During this year’s Gypsy Roma Traveller History Month, historian Rainer Schulze will remind us of the systematic persecution the Roma and Sinti suffered during the period of Nazi rule in Germany and in Nazi-occupied Europe. Rainer is Professor of Modern European History at the University of Essex and the programmer of the University of Essex’s annual Holocaust Memorial Week.
In today's blog, Rainer writes about the Auschwitz 'Gypsy Family Camp', Roma resistance and the gassing of almost 2,900 Roma during the night of 2 August.
The construction of a special camp for Roma at Auschwitz-Birkenau (section B II e) had begun before Himmler’s decree of 16 December 1942. However, when the first transport of some 200 Sinti and Roma from Buchenwald concentration camp arrived on 26 February 1943, it was not fully finished, and they were forced to work on its completion.
Unlike the Jews, Roma men, women and children were not separated, which is why the camp was called Zigeunerfamilienlager (Gypsy Family Camp). There was no selection to divide those fit for work and those immediately destined for the gas chambers either, and very few were conscripted to do forced labour outside the Zigeunerfamilienlager, although some had to work in the camp itself. All arrivals were tattooed on their arms (babies on their thighs) with a number prefixed by a Z for Zigeuner, meaning Gypsy. Their hair was shorn off, but they were allowed to grow it again. Most kept their clothing, but they had to wear a black triangle (for ‘asocial’) attached to it, often with a ‘Z’ inscribed. Later, a brown triangle was introduced.
Living conditions in the Gypsy Camp were grim. Food supplies were totally inadequate, disease was rampant, and the inmates were subjected to serious maltreatment by the SS.
In May 1943, Dr Josef Mengele was posted to Auschwitz-Birkenau and became the camp doctor of the Zigeunerfamilienlager. One focus of his ‘medical research’ was on identical twins, and he took a particular interest in the Sinti and Roma children, subjecting his victims to ruthless experiments and horrifying torture, and killing many of them in order to dissect parts of their bodies.
While acts of resistance were never likely to be successful in the face of the overwhelming German power, there were a number of instances where Sinti and Roma attempted to defy their persecutors and preserve their dignity and humanity. There were attempts to escape from the Zigeunerfamilienlager, there was subtle sabotage of SS instructions, news was smuggled out written in Romanes, and, above all, there was solidarity and mutual help and support, especially among family members.
An attempt by the SS on 16 May 1944 to round up a large number of Sinti and Roma to transport them to the gas chambers was thwarted by organised resistance. News about the impending operation had spread, and Roma men barricaded themselves in their barracks, determined to fight back against the SS. As a result of this resistance, the operation was broken off on this occasion.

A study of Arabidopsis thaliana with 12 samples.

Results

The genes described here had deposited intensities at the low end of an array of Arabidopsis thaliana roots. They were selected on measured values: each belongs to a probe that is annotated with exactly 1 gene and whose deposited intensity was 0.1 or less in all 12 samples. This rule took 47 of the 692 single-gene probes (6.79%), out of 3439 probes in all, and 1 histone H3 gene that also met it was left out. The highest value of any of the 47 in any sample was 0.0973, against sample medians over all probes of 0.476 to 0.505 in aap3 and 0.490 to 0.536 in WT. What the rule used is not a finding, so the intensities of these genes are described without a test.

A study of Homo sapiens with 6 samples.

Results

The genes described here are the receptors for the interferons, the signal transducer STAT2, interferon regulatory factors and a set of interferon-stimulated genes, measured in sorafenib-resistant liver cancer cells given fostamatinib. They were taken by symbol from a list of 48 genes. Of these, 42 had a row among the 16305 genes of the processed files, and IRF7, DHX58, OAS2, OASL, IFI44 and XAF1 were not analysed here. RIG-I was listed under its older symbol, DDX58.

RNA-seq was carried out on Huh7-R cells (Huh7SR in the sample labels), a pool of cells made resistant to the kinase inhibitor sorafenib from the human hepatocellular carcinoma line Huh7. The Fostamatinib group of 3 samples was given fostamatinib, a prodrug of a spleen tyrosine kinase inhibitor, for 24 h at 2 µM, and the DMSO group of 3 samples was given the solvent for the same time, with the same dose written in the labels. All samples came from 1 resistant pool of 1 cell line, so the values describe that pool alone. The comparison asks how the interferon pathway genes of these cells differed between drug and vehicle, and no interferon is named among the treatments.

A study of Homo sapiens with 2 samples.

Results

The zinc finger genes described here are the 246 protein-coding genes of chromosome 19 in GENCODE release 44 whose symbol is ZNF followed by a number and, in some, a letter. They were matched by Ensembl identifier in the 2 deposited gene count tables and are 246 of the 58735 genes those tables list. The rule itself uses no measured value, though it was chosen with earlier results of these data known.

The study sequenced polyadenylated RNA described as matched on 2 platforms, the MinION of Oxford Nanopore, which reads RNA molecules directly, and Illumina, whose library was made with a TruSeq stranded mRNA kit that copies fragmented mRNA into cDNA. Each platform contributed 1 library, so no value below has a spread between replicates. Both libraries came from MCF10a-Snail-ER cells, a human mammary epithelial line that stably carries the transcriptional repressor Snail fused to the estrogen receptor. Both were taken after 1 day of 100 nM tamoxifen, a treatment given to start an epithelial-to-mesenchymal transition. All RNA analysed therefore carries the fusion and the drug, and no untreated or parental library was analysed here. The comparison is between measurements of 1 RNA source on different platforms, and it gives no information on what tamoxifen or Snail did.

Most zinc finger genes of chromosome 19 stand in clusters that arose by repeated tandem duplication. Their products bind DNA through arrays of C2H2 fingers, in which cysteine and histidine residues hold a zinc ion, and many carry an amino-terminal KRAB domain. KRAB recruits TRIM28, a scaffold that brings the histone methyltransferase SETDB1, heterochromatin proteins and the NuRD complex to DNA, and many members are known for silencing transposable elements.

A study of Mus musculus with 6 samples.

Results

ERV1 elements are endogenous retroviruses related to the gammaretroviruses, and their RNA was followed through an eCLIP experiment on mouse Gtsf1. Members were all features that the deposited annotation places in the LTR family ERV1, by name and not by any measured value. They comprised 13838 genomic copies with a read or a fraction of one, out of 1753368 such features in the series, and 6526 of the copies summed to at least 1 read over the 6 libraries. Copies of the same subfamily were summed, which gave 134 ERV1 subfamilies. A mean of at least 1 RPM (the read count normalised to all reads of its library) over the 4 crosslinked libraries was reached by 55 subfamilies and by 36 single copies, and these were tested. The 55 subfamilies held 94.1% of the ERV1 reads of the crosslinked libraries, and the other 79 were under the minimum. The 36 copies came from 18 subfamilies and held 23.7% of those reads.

However, on the night of 2 August 1944, there was no such respite. All Roma still left at the Zigeunerfamilienlager, almost 2,900 mostly elderly and infirm men, as well as women and children, were given a ration of bread and salami and were told that they would be transported to another camp. Feeding into this deception, the SS loaded them on to lorries. But rather than a substantial journey to another camp, they were only driven a short distance to the nearby gas chambers. By the morning, the camp was empty. This marked the end of the Auschwitz Zigeunerfamilienlager.
Over its 17-month existence, some 22,650 Roma prisoners were deported to the Zigeunerfamilienlager (this figure includes the 360 children born in the camp). Around 85 per cent of them perished. Some 13,150 died through criminal wilful neglect (starvation, illness, ill-treatment and exhaustion), and around 5,700 were murdered in the gas chambers, more than half of them during the night of 2 August.
This night has retained a particular resonance for the Roma community and remains a painful reminder of their persecution by the Nazis. Since 1997 it has been marked internationally as Romani Extermination Remembrance Day, and in 2015 the European Parliament designated this day as European Roma Holocaust Memorial Day, reflecting the importance of this night for Roma and the wider European cultural memory. However, Roma activists increasingly feel that they do not want to be remembered solely as helpless victims of the Nazis. Therefore, in addition to 2 August, they have begun celebrating 16 May as Romani Resistance Day to serve as an inspiration for the battle against the continuing discrimination of the Roma in Europe today.
Every Monday and Thursday during June, a new blog will be posted. Check back on Thursday 11 June for the next installment about the lives of some of those Roma and Sinti imprisoned in Auschwitz.
Read the other blogs in Rainer's series for Gypsy Roma Traveller History Month:
- An introduction to the Nazi persecution of the Roma and Sinti
- The life of Sinto boxer Johann 'Rukeli' Trollmann
- Auschwitz-Birkenau's Roma survivors
- Persecution of Roma varied across east and south-east Europe
- Roma survivors from former Yugoslavia
- The Roma community's long battle for public recognition
- Settela's story
- How should we remember the Nazis' Roma victims?
Image credit: Marty Kolb: Tracks to Death (Auschwitz-Birkenau). Charcoal on Paper, 40” x 25.5” (Holocaust Series # 23) (Collection Skirball Museum, Hebrew Union College, Los Angeles, California).